It’s a bit of an upset, but good to see the 6CA panel do the right thing. It should be noted that while both majority opinions do an excellent job of attacking the bad commerce clause arguments underlying the challenge to the ACA, James Graham’s dissent does a good job of self-refutation. Consider this passage:
Here, Congress’s exercise of power intrudes on both the States and the people. It brings an end to state experimentation and overrides the expressed legislative will of several states that have guaranteed to their citizens the freedom to choose not to purchase health insurance. The mandate forces law-abiding individuals to purchase a product – an expensive product, no less – and thereby invades the realm of an individual’s financial planning decisions. (“Neither here nor in Wickard had the Court declared that Congress may use a relatively trivial impact on commerce as an excuse for broad general regulation of state or private activities.”). In the absence of the mandate, individuals have the right to decide how to finance medical expenses. The mandate extinguishes that right.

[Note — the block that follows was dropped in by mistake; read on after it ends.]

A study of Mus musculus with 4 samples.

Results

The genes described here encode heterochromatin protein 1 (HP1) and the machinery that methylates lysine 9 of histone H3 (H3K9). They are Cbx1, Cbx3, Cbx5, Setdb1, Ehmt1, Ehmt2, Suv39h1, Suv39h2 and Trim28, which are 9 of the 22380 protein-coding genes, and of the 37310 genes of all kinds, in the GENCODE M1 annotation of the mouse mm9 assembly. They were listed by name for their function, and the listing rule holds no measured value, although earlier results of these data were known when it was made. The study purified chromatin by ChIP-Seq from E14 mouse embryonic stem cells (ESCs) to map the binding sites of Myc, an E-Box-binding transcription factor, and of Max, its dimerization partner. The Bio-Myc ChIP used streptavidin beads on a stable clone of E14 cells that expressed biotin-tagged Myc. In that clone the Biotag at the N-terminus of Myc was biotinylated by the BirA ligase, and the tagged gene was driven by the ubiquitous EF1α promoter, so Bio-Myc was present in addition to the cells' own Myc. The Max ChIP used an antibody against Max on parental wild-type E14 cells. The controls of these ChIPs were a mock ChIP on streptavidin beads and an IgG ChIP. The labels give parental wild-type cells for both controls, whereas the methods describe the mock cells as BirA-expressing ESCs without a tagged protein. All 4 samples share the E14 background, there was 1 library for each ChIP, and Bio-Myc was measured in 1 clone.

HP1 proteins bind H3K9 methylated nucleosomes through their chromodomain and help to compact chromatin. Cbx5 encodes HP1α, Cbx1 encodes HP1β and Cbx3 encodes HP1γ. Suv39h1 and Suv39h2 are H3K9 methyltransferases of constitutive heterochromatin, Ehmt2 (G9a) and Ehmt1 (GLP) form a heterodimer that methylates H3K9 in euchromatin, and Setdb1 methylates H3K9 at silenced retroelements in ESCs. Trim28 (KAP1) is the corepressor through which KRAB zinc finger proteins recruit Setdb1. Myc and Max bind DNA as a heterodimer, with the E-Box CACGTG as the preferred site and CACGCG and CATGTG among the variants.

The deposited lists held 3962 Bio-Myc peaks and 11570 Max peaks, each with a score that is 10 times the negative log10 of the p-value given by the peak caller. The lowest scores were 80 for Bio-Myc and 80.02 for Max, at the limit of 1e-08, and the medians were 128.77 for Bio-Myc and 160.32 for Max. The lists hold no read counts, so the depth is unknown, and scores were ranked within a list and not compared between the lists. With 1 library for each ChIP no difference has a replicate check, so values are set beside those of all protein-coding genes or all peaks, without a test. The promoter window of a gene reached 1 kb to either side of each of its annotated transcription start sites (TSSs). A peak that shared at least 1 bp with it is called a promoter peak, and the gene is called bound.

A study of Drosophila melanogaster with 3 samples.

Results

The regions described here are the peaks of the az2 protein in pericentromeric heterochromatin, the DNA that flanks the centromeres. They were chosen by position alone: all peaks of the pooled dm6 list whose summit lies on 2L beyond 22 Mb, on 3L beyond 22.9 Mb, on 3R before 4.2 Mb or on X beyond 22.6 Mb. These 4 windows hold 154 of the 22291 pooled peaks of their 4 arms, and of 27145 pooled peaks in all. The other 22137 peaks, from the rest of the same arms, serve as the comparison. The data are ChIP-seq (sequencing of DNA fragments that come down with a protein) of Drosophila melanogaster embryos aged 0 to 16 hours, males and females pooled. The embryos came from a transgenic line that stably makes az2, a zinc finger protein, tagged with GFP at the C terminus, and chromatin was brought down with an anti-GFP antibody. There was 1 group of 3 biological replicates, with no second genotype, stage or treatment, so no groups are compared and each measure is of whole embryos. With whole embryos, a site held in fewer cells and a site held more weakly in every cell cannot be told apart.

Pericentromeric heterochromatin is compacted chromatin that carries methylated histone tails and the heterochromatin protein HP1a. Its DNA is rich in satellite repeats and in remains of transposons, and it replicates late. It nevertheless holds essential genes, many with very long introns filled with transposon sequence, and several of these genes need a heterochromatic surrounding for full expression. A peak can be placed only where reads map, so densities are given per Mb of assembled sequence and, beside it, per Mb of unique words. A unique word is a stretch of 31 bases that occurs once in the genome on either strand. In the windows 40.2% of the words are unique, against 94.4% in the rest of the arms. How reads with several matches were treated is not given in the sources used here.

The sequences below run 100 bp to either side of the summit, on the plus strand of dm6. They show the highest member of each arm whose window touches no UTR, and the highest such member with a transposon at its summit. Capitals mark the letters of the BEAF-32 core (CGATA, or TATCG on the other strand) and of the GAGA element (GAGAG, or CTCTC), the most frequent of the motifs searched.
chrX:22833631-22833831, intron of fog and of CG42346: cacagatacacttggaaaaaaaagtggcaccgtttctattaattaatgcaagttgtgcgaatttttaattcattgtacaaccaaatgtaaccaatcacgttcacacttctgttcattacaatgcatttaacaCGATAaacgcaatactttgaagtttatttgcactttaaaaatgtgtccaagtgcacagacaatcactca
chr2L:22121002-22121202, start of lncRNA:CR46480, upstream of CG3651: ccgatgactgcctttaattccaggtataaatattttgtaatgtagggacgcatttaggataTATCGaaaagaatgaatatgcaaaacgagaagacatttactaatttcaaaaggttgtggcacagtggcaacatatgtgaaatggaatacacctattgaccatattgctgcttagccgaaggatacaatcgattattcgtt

Graham starts off with policy arguments that are irrelevant — the fact that the ACA “brings an end to [some] state experimentation and overrides the expressed legislative will of several states” means nothing in itself, since all kinds of valid federal legislation does so, and the stuff about state legislatures suggests that Graham stopped reading the Constitution before he got to Article VI. But the real key is the last sentences, which suggest that what’s at issue here is not really federalism but a desire to return to a radical Lochner-era liberty of contract — a state mandate, after all, would also “invade the realm of an individual’s financial planning decisions” and “extinguishes the right to decide how to finance medical expenses.” And at this point, the whole shaky edifice collapses, because in fact Lochner hasn’t been good law for many decades, and as Graham concedes the federal government could clear create a more centralized and government-controlled system than the ACA does, opening up the frightening possibility that the U.S. could cover more people for less money like every other major liberal democracy.
The quality of the opinions arguing against the constitutionality of the ACA we’ve seen so far have been remarkably bad, but in part that’s because the argument itself is inherently weak. The only coherent argument against the ACA requires reading quasi-libertarianism into the Constitution, a long-discredited project that has vanishingly tiny amounts of political support.